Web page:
A Little About Powers Of Village Officers
Village Law of the State of New York is worth reading. For the sake of informing the public, here are a few points worth noting:
Village Law, Sec. 370. Powers and duties of mayor.
The mayor shall preside at all meetings of the board of trustees; he shall be the official head of the village for services of civil process;
The phrase "for service of civil process" as used here simply means that whenever the Village is sued, the mayor has the honor of being named as a defendant; and of being served with the summons and complaints commencing such suits.he shall have no power of veto, but shall have the same power as a trustee to vote upon all matters coming before the board. Added L.1927, c. 650 Sec. 47, eff. July 1, 1927.
By contrast, the Village Board of Trustees is described this way:
Village Law, Sec. 369. Legislative powers vested in board of trustees.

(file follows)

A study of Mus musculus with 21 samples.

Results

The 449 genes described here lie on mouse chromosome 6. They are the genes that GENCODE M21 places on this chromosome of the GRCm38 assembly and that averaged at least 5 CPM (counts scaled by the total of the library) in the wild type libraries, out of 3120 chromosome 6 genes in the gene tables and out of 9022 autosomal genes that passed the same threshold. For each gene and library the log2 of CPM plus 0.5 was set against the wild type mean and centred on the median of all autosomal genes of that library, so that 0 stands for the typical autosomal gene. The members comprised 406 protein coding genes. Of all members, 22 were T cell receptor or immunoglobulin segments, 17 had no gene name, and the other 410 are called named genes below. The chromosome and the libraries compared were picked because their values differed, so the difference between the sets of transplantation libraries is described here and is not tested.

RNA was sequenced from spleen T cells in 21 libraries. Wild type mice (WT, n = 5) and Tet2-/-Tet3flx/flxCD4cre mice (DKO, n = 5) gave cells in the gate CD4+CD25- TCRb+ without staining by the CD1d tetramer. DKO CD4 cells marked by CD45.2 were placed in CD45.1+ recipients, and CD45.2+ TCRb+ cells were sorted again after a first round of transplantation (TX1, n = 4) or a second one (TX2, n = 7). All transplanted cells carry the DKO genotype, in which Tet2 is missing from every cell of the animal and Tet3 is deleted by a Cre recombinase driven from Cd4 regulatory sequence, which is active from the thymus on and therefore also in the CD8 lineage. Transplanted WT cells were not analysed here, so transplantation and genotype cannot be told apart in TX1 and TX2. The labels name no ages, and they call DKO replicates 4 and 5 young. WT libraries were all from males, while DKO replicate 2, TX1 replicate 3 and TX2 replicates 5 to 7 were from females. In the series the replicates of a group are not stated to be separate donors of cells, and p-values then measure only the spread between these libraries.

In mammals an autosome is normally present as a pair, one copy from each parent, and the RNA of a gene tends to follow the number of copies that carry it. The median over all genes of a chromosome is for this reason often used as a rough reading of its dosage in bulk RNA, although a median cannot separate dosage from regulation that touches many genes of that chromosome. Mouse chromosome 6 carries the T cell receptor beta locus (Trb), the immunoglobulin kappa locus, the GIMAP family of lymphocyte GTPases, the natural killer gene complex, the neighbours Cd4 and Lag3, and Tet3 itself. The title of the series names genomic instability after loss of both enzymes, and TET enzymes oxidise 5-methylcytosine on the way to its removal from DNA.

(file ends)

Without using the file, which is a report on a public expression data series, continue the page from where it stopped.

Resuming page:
All the legislative powers of the village conferred upon or possessed by it are hereby vested in the board of trustees. L.1927, c. 650, Sec. 47; amended L. 1963, c. 56, eff. Feb. 25, 1963.
Monticello has a form of government in which a Village Manager is designated as the chief executive officer.
The mayor is a figure-head whose chief job is to keep board meetings running smoothly and encourage teamwork among the Trustees.
Only when the Village Board operates as a team can it govern effectively. The Village Board as a whole, by majority vote, has the power to appoint or to fire the Village Manager.
Some positions in the Village are chosen by the mayor. Some are chosen by the manager. Some (like who will be Village Manager) require approval by the board.
And some appointees must meet very specific qualifications. For example, although the mayor has the power to choose a Village Attorney, the person he chooses must then be approved by a majority of the Board. Also, the mayor is not allowed to choose any old lawyer. The Village Attorney, as well as any deputies, must be Sullivan County residents. Monticello's own law mandates:
Local Law No. 12 of 1994.
The Village Attorney and all Deputy Village Attorneys must reside within Sullivan County, New York, the county in which the Village of Monticello is situate.